Current Situation - In the United States, diabetes is the 7th leading cause of death and is a major cause for heart disease and strokes. While adults over the age of 65 have the highest rate of diabetes, all age groups are affected by this disease. In Ohio, blacks or African Americans have a greater risk of diabetes than whites. Diabetes is also more common in individuals with an income level less than $15,000 and those with less than a high school diploma.
Key Data Points
Opportunities for Improvement
What is being done in our Community?
Healthy U, also known as Chronic Disease Self Management Program, is a workshop offered by the Area Agency on Aging 3 (AAA3). The 6, 2.5-hour sessions are led by a pair of trained, volunteer leaders. AAA 3 also offers a program similarly structured called Diabetes Self Management. AAA 3 is also partnering with the Ohio Commission on Minority Health in its Minority Diabetes Initiative to reach those diagnosed with Pre-Diabetes or Diabetes 1 & 2.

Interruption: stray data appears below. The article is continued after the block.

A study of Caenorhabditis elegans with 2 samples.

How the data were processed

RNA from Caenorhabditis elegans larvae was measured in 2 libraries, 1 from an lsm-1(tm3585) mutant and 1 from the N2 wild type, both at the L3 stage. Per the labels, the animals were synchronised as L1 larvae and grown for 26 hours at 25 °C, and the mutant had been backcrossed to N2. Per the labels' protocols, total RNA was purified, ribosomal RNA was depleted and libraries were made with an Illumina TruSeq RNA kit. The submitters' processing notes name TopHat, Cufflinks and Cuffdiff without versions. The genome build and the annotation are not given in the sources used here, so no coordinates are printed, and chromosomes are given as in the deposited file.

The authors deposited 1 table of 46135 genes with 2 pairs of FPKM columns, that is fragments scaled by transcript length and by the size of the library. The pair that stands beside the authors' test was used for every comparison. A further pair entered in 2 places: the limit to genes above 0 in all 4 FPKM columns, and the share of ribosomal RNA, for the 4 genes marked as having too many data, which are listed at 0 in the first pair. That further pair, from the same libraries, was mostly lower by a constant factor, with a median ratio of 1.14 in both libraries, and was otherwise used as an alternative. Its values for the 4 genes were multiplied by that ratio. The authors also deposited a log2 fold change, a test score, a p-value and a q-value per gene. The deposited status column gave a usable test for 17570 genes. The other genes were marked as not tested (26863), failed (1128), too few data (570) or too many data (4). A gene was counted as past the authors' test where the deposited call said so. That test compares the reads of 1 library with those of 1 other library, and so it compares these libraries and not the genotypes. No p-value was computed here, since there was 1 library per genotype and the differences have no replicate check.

Diabetes Clinics (St. Rita's Medical Center and Lima Memorial Health System) - Certified Diabetes Educator nurses and dietitians work with clinical pharmacists to provide education on their health conditions, how medications work and how to manage any problems. Care is closely coordinated with the referring provider and any other providers involved in the patient's care.
Diabetes Prevention Program - In order to reduce the incidence of diabetes in Allen County, Activate Allen County, through the Small Community Transformation Grant (SCTG) is establishing a National Diabetes Program at the Lima Family YMCA. This program (aimed towards pre-diabetics) focuses on promoting healthy lifestyle changes, such as improving food choices and increasing physical activity.